Itinerant Teaching

Over the past 40 years, shifting trends in educational policy have resulted in significant changes in educational placements for deaf and hard of hearing (Deaf/HH) students. Legislation such as PL 94-142 and IDEA encourages mainstreaming all students with disabilities in the "least restrictive environment,” which has been interpreted as education in local public schools where students with disabilities have access to the general curriculum. As a result there has been an increase in mainstream placements for Deaf/HH students. As reported in the 30th Annual Report to Congress on the Implementation of the Individuals with Disabilities Act (2008) in 2006, 86.4% of students with hearing loss ages 6-21 were educated in regular schools.

Initially, mainstreaming often meant that Deaf/HH students attended separate classes in public schools. Today however, such students spend more of their school day in classes with hearing peers, supported by itinerant teachers of the Deaf/HH, interpreters, speech-language pathologists, notetakers/captionists, and resource room teachers. In 2006, almost half of mainstreamed students attended regular classes with hearing peers for 80% or more of the day (30th Annual Report to Congress on the Implementation of the Individuals with Disabilities Act, 2008).

As a result of these changes, more Deaf/HH students are attending their local public school where they receive support services from itinerant teachers. The term "itinerant" reflects the work model for these educational specialists, in that they usually have a caseload of students in one or several school districts. They travel among these schools to work with their students individually to support their mainstream education.  Itinerant TOD/HH’s also provide support for students regarding self-advocacy skills, self-concept, communication, social skills and transition.  Additionally, an itinerant TOD/HH provides ongoing support and consultation to school staff and parents.  Specific services are based on the needs of the student and usually documented in the student's Individual Education Plan (IEP). In this section, an overview of the work of itinerant teachers is provided. The information is intended for mainstream instructors, Deaf/HH students and their parents, school administrators, and professionals who may provide specialized services for these students.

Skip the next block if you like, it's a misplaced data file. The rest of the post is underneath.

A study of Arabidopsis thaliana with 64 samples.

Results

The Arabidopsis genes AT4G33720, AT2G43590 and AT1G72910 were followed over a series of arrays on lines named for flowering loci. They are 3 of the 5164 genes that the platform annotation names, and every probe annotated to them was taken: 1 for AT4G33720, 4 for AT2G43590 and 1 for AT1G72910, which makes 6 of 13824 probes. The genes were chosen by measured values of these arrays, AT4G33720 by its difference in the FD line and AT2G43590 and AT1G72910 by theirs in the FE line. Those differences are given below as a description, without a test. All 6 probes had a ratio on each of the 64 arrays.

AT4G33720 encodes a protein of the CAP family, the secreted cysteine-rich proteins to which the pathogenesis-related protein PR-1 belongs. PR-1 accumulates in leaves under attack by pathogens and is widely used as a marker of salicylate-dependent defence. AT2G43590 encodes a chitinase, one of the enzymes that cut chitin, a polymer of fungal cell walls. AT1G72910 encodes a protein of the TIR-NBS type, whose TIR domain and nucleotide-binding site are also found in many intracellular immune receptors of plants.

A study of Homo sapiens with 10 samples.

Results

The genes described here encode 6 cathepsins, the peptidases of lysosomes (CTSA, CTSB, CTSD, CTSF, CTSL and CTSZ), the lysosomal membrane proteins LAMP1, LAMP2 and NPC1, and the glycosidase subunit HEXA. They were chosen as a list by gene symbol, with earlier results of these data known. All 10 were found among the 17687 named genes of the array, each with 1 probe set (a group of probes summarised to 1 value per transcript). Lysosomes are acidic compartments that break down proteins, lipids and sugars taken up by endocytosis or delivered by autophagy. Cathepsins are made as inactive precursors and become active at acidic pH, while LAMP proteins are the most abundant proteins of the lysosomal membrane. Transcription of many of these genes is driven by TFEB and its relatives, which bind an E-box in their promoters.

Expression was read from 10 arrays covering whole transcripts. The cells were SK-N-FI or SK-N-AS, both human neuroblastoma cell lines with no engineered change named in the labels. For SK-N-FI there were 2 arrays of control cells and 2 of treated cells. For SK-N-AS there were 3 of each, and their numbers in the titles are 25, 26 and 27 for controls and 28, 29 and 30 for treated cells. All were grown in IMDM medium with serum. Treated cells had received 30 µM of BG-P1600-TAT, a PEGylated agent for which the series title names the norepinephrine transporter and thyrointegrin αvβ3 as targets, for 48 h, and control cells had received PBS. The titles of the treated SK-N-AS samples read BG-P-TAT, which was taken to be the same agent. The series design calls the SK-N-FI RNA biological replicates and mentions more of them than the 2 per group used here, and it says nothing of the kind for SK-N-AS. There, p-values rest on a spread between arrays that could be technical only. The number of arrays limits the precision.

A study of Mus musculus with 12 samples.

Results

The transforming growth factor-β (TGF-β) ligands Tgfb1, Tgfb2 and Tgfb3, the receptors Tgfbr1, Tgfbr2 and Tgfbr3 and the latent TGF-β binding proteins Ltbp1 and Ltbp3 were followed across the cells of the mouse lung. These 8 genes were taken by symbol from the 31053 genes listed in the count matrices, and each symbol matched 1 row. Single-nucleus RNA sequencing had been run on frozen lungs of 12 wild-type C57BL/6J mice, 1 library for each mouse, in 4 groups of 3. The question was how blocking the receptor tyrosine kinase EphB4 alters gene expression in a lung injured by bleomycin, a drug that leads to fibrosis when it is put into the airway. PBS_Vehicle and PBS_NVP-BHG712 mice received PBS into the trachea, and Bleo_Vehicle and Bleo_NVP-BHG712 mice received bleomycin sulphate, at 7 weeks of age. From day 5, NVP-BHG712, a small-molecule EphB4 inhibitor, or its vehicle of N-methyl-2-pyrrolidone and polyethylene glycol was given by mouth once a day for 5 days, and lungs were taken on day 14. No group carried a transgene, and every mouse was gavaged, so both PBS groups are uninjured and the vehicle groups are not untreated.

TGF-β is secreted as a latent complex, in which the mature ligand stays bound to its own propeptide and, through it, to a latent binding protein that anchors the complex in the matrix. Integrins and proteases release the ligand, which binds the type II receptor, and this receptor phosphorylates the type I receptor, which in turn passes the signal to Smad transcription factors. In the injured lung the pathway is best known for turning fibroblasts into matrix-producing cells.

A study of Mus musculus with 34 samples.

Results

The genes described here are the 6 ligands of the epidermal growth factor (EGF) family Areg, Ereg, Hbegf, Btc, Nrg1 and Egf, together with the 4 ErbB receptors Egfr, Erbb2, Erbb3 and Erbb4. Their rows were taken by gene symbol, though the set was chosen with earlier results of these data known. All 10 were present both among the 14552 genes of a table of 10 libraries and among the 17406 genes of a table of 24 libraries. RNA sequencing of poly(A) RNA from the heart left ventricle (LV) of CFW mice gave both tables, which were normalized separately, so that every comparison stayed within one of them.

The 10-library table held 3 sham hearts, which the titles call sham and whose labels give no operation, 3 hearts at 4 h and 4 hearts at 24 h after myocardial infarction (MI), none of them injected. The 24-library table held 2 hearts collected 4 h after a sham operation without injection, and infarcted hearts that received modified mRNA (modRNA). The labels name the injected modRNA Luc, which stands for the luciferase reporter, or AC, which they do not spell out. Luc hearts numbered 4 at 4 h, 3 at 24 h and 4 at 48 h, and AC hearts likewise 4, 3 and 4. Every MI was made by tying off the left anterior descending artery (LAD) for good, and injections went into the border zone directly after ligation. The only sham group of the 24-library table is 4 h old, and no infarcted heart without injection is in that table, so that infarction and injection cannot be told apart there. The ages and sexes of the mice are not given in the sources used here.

The work of itinerant teachers of Deaf/HH students can be organized within five broad categories:

  1. Inservice
  2. Direct Service
  3. Indirect Services
  4. Professional Development
  5. Reports, Forms, and other Paperwork

Each of these categories is briefly described; video clips provide examples taken from a panel discussion with itinerant teachers as well as a June 27, 2012 presentation at a DeafTEC meeting at the National Technical Institute for the Deaf.